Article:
Blood Glucose Monitoring: Devices and How to Use Them
Monitoring your blood sugar (blood glucose) is a vital part of diabetes manage. Your diabetes care team will help you decide how often and when to check. Often people are told that they should check their blood sugar via finger stick at least four times if they don’t use a continuous glucose monitor (CGM) before each meal and at bedtime. And then are advised to check if they feel low or high, before exercise or driving, or more often when you are sick or other unusual circumstances that may affect your blood sugar. Often people check over 10 times per day to try to keep their blood sugar in their target range.
However, another blood sugar management tool more people are using is a continuous glucose monitor (CGM) that measure the body’s glucose levels in real-time by sensing the glucose present in tissue fluid (also called interstitial fluid). Here’s what you need to know about them:
Glucometer (Glucose Meter)
A Glucometer, or blood sugar meter, is commonly used to check blood sugar levels. This involves taking a small drop of blood, usually by pricking the fingertip, and placing it on the test strip in a glucometer. Blood-sugar levels are measured in milligrams per deciliter (mg/dL). The standard guidelines for a safe blood sugar range are between 70 and 180 mg/dL but depending on the person and the recommendation of their diabetes care team, sometimes the recommended target range is expanded.
Tips for Using Glucose Meters
When using a glucose meter to check your blood sugar levels, it’s important to have clean fingers, as the accuracy of your test can be impacted by the presence of food or contaminants on your fingers. For those times when you can’t wash your hands before you test, you may want to carry some finger wipes with you. However, if you do clean your finger first, be sure to have it dry before testing.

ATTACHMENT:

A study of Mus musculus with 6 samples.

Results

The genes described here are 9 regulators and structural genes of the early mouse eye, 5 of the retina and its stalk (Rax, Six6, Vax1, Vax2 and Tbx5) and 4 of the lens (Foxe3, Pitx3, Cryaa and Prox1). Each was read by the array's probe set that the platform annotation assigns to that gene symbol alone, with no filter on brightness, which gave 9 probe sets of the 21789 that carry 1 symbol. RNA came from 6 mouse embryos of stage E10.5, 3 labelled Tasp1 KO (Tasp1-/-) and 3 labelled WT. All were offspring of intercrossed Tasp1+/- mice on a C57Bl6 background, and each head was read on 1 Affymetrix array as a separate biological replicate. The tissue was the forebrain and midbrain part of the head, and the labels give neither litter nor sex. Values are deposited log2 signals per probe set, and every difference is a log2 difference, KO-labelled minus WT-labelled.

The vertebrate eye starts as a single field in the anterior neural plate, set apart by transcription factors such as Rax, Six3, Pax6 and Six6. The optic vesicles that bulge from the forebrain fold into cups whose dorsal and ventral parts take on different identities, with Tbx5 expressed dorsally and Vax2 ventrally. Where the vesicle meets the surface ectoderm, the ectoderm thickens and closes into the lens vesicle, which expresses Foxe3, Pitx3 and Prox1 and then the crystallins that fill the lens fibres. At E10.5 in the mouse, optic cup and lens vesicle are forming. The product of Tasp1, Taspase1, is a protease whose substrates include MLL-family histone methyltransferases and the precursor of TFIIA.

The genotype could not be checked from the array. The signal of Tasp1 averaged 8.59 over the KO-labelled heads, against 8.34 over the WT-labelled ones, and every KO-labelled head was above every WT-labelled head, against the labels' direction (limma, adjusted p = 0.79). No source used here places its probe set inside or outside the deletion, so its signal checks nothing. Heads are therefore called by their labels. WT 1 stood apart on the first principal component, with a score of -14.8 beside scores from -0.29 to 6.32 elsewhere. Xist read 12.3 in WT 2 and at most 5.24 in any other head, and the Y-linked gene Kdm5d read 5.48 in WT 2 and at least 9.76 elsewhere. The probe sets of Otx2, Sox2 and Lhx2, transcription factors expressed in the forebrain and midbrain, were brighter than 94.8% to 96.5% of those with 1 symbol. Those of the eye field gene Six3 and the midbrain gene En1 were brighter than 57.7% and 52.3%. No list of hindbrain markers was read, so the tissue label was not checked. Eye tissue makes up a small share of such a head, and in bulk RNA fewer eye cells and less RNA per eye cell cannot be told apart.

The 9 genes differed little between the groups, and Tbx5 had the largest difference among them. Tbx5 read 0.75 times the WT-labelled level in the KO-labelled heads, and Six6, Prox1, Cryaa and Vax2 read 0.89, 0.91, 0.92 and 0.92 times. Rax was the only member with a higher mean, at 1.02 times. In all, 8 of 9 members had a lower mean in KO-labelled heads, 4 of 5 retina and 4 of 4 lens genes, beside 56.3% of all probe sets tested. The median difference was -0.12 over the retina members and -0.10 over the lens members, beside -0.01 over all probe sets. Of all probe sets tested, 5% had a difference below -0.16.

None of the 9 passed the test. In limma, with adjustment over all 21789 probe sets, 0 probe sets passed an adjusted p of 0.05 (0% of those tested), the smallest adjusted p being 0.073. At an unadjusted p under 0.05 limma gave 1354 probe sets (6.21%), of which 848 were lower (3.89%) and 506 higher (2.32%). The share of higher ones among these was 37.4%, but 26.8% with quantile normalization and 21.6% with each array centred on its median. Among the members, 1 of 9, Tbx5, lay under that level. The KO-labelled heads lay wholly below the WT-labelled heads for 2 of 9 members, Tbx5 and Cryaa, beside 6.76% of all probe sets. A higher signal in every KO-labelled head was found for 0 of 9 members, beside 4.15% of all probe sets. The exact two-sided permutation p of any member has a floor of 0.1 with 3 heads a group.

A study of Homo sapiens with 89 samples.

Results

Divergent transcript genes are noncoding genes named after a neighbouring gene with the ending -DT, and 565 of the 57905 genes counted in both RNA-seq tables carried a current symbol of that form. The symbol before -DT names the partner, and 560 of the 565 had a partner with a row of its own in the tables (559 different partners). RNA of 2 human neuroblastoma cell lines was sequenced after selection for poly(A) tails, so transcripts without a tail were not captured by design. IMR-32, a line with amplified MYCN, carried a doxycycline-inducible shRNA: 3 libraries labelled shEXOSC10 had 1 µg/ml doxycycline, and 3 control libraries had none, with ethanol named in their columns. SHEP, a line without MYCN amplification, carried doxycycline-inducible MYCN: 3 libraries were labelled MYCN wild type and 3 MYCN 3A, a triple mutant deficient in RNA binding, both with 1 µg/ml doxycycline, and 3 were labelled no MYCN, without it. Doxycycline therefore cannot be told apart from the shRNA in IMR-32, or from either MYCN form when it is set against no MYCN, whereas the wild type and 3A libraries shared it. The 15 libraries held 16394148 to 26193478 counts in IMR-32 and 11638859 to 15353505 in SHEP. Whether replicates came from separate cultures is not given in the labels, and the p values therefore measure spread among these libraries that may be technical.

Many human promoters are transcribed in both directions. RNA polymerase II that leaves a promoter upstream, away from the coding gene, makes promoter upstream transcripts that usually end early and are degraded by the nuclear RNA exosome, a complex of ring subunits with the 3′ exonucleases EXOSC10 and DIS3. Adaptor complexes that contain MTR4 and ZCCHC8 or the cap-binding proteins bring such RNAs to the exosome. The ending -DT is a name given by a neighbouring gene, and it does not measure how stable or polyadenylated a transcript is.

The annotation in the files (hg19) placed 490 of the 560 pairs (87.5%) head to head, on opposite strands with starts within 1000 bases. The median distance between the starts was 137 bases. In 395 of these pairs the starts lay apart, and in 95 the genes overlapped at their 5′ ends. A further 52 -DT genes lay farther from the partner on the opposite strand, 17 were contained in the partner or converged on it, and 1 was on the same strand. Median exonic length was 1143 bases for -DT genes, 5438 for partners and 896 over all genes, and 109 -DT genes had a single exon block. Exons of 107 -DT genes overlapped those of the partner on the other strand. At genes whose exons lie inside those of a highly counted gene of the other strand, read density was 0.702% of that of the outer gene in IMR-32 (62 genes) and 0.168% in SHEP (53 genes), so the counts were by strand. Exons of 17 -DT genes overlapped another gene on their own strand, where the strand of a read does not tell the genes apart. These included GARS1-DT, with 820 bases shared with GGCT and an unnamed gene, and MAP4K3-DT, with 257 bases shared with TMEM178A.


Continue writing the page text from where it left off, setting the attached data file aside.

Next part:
Just like insulin, glucose meters and strips can be affected by low (freezing) or high temperatures, so remember not to leave your blood glucose monitor in your car, in direct sunlight, or anywhere that gets extremely hot or cold. Some types of meters are more sensitive than others to high and low temperatures. See the insert in the meter package or visit the manufacturer’s website for more specific storage instructions.
It might be tempting to leave your glucometer at home; however, knowing how your blood sugar levels are trending will help you avoid instances of hypoglycemia (low blood sugar) and hyperglycemia (high blood sugar). Remember to pack your lancing device too, it’s usually in the case with the meter so double check that you have it in it.
When using a blood sugar meter, a lancing device is what holds a lancet or small, sharp object used to prick the skin for a blood sample. Carrying spare lancets for your lancing device (or using one of the new lancing devices that store multiple fresh lancets inside a drum) will reduce blunt lancet testing paint.
You have a choice when it comes to lancing devices, and you don’t necessarily have to use the one that comes with the meter. It’s fine to mix and match to find a lancing device that works best for you. If your meter is taking up too much space in your kit, have a look at the different sized meters available.
Continuous Glucose Monitor (CGM)
The methods of checking blood sugar levels have seen major advancements in recent years. Case in point: Continuous glucose monitors (CGMs). CGMs work by wearing a sensor just under the skin that measures the tissue-glucose levels in real time. The levels are then relayed to a receiver, smart.phone or insulin pump which displays the readings. Learn more about the different types of CGMs and what they do by visiting the manufacturer’s website and asking questions about their functionalities to your diabetes care team. For more information, consult our Continuous Glucose Monitors: Are They Right for You? One Pager [PDF]
Blood or Urine Ketone Strips
Diabetic Ketoacidosis (DKA) can be a life-threatening condition. Ketones are caused by the breakdown of fat when there isn’t enough insulin to allow the glucose (sugar) into your cells for energy. When ketones build up, the result is acidosis (too much acid in the blood). If not treated, this can lead to death. Usually blood glucose levels are elevated (>250 mg/dL) but not always. It is important to have a way to check for ketones, either using urine strips or blood test strips with a ketone-testing device, to help identify whether you are at risk of ketoacidosis.
A sharps container is essential for safely disposing of used pen needles, syringes, or lancets. Medical sharps containers are available from pharmacies. In some U.S. states, a sturdy plastic container (such as a detergent bottle) with a screw-on lid will be accepted for disposal. They are available in many sizes—including travel size. To find out how to dispose of sharps containers, the U.S. Environmental Protection Agency has information about safe options for needle disposal at www.epa.gov/osw/nonhaz/industrial/medical/med-home.pdf.
If you want to know more about the technology available for people with type 1 diabetes, such as glucose sensors, continuous glucose monitors, insulin pumps and automated insulin delivery systems, click here and find out whether this technology is right for you.